KS3 Book Award in Birmingham


Reality-TV-style voting tactics and a high-energy website help Birmingham Schools Library Service’s Key Stage 3 Book Award to excite young readers, promote quality fiction for 11 to 14-year-olds and raise the profile of libraries in 85 schools.

“We leave schools free to put their own stamp on it and that’s what they do.” Sue Rogers, Manager, Birmingham Schools Library Service

“I liked the Big Brother/X-Factor-style voting” Birmingham secondary school pupil

The effects

Birmingham Schools Library Service’s Key Stage 3 Book Award has been running since 2004. It supplies resources and a model for schools, school libraries and teenage reading groups in community libraries to generate and customize their own award projects. Seventy-five per cent of the city’s secondary schools and more than 5,700 young online voters are involved. By encouraging debate, critical reading,decision-making and participation in a vibrant and safe online community among 11 to 14-year-olds, it supports English, ICT and citizenship. Above all, it puts books and libraries at the centre of young people’s social lives for a sustained period.

The experience

Sue Rogers, Manager, Birmingham Schools Library Service

Birmingham Schools Library Service’s Key Stage 3 Book Award is run on the reality TV elimination model: students vote online for their shortlisted books over eight weeks in the spring term, with the two least popular books “splatted” (eliminated) each week until the winner in announced in mid-March.

Our KS3 awards website on Birmingham Grid for Learning [1] is central to the process with constant updates of award news, reviews and student comments (last year 2,500 comments were posted). There is a lot of activity on the site at weekends during the voting period, especially when we’re down to the final two books. At the time of writing we’re in the middle of voting, and schools who are bidding to be ‘award champions’ and take part in our Champions Quiz in May have posted podcasts and presentations to lobby for the books they support.

It’s up to each school how it runs its own award project, usually through the school librarian and/or literacy co-ordinator. Schools might target a particular year group or tutor group, or a specific group of students such as a reading group, pupil librarians, out-of-hours learning club or gifted and talented students. We supply a downloadable kit with templates and ideas for events and activities on the website, but we leave schools free to put their own stamp on it and that’s what they do. As soon as one award finishes in March the SLS starts thinking of a strong, exciting theme for the next one. This year it’s Key Stage 3 Dares and we’ve had Laughs, Explores and Imagines. We pool our ideas for a longlist of 40 books, making sure there’s something for each year group, some titles suitable for special needs and a mixture of recent and not so recent, significant and less well known books. Then we consult young people to arrive at a shortlist of 14. Two sets of shortlisted books are delivered to schools with promotional materials in October. Students read the books in the second half of the autumn term and online voting opens in mid-January. This year it looks like being a neck-and-neck finish between Looking for JJ by Anne Jennings and The Recruit by Robert Muchamore. The website is buzzing. The award has proved that young people do like to read and they like a time-limited project that they can opt into, while the schools like a model that they can build on.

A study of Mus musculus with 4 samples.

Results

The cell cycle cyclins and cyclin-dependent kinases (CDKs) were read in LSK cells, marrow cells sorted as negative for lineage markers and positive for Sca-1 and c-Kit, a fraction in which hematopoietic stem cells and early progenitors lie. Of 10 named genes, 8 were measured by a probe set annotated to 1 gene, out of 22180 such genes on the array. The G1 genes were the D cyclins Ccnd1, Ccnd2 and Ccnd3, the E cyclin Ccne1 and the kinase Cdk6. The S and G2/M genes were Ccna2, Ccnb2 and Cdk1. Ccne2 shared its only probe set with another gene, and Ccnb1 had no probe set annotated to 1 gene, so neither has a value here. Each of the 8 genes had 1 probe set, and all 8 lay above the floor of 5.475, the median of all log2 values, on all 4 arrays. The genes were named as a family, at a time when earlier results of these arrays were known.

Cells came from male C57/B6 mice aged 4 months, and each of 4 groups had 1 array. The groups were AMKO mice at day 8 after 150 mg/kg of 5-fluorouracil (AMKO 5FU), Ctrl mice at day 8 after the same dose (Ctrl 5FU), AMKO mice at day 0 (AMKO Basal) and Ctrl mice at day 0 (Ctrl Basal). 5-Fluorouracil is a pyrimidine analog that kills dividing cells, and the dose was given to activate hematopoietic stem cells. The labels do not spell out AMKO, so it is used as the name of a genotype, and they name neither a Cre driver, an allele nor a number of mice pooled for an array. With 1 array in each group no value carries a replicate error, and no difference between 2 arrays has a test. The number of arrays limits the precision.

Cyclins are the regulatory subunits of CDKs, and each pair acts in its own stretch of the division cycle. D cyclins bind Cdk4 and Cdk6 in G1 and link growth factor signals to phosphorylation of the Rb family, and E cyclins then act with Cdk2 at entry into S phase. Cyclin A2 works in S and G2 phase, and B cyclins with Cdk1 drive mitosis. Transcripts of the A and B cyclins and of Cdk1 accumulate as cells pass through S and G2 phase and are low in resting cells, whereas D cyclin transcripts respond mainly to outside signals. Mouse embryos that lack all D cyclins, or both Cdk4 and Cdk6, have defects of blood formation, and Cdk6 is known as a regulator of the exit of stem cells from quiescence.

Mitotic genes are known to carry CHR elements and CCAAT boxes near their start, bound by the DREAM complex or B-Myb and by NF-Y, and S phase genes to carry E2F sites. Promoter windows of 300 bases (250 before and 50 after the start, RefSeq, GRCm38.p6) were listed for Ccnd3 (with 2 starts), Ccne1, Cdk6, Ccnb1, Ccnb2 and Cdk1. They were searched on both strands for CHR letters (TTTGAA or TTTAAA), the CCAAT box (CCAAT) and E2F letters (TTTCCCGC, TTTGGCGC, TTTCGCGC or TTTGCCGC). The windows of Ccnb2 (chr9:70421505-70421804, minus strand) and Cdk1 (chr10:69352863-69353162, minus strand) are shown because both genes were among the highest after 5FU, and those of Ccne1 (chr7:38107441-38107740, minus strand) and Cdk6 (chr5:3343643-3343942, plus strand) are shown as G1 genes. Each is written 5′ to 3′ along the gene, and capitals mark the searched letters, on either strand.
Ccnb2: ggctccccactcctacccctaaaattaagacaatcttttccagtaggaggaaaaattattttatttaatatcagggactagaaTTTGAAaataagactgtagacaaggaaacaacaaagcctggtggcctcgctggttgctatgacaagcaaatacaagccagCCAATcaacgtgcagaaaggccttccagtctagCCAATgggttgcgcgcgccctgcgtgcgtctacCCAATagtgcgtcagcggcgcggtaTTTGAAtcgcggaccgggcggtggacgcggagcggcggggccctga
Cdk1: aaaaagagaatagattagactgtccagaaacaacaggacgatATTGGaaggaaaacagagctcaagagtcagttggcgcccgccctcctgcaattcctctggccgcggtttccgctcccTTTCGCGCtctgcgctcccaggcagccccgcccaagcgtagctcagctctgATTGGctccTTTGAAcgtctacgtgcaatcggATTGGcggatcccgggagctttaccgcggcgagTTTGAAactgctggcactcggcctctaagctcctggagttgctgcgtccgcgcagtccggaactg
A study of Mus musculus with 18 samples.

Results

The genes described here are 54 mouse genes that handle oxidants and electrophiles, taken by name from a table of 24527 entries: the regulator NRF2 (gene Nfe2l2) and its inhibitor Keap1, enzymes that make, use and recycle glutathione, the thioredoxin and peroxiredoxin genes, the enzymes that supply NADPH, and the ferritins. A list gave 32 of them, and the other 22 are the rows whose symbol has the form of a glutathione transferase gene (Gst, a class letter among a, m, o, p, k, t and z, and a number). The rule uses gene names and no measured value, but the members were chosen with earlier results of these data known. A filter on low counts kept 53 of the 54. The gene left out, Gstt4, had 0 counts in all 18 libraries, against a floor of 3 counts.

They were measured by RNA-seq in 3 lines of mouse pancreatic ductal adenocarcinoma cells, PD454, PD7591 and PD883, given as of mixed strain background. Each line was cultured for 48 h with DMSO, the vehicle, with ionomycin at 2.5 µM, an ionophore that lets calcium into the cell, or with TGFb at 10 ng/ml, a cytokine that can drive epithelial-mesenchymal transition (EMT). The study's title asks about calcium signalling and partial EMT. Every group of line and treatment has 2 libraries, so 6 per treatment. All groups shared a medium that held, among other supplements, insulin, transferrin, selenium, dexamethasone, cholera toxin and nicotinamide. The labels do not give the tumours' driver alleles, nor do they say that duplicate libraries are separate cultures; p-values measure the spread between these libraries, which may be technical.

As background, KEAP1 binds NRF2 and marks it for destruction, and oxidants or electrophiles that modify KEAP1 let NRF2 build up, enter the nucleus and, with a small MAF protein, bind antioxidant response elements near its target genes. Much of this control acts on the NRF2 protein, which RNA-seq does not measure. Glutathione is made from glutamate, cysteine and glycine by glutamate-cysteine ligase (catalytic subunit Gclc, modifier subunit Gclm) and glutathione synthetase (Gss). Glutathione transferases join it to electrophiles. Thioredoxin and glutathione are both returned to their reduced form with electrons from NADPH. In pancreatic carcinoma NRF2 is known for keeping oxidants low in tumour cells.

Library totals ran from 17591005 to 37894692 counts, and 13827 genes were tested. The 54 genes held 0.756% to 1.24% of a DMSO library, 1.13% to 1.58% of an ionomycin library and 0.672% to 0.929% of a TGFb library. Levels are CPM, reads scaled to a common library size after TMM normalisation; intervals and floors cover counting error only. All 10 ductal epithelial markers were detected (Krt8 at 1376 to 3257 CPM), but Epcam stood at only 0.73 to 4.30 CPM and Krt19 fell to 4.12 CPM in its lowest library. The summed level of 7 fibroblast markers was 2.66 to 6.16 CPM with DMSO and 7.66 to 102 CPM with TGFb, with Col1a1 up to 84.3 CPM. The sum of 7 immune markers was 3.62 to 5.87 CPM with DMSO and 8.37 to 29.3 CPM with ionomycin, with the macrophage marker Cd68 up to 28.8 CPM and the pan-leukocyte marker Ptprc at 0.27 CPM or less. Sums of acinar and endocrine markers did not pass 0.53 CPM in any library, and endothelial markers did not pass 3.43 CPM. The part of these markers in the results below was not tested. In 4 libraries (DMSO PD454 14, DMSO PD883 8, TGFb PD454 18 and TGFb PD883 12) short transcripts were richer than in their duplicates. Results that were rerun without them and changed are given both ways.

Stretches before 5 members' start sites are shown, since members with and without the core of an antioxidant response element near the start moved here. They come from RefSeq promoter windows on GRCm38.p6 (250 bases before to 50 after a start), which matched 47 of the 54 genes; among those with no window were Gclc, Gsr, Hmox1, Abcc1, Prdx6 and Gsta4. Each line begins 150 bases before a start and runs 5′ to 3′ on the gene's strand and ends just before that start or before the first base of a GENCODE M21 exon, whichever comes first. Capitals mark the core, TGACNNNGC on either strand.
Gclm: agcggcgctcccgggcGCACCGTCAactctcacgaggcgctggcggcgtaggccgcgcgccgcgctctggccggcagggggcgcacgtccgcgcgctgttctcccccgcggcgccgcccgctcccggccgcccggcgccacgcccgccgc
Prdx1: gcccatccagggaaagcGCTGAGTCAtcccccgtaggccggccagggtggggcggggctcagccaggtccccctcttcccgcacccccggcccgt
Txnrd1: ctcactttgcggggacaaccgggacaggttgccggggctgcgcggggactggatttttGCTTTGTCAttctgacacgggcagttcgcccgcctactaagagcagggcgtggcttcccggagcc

The outcomes

Through promoting the award in schools, school librarians contribute to the ‘enjoy and achieve’ outcome of Every Child Matters, which raises their status. The award encourages students to read more widely, to use school and community libraries and to develop skills in debate and in critical appreciation of stories. Some 250 students are consulted in the process of in compiling each year’s shortlist. The award promotes books for this age group that explore challenging themes, including some that are not current bestsellers. Each year a very popular event with shortlisted authors is held as part of Birmingham Young Readers Festival. More than 100 young people attend the award presentation ceremony with the winning author and the Lord Mayor. In 2007/8 more than 85 schools (75 per cent of Birmingham secondaries) are taking part, including five special schools and five pupil referral units. The award is also open to teenage reading groups in community libraries and individual key stage 3 students who are library members. The awards website on BGfL has been so successful that BGfL has sold the model to another authority. In 2006/7 2,500 comments were posted on the website and 5,794 votes were cast.

“The Birmingham librarians are so enthusiastic and passionate about the books that the students can’t help being pulled along with them. There is an intensely competitive element that the boys in particular like. You see them racing to get on the Internet and see what’s happening.” Teacher, Queensbridge School, Birmingham

“The use of computers as a support-motivator adds interest” Birmingham school librarian

“I saw the poster outside the library and thought I would read some of the books.” Student

“It was good there were no pop-ups or ads on the website.” Student

“The books were provided (this was very important) and then we got students involved.” School librarian

“It put more focus on reading — gave a hook in.” School librarian

Resources and staffing



It is difficult to plan ahead because bids for funding need to be submitted each year.

The future

Goals for the future are to generate media coverage of the award and use the same model and website for an award at key stage 2.


Sue Rogers, Manager, Birmingham Schools Library Service.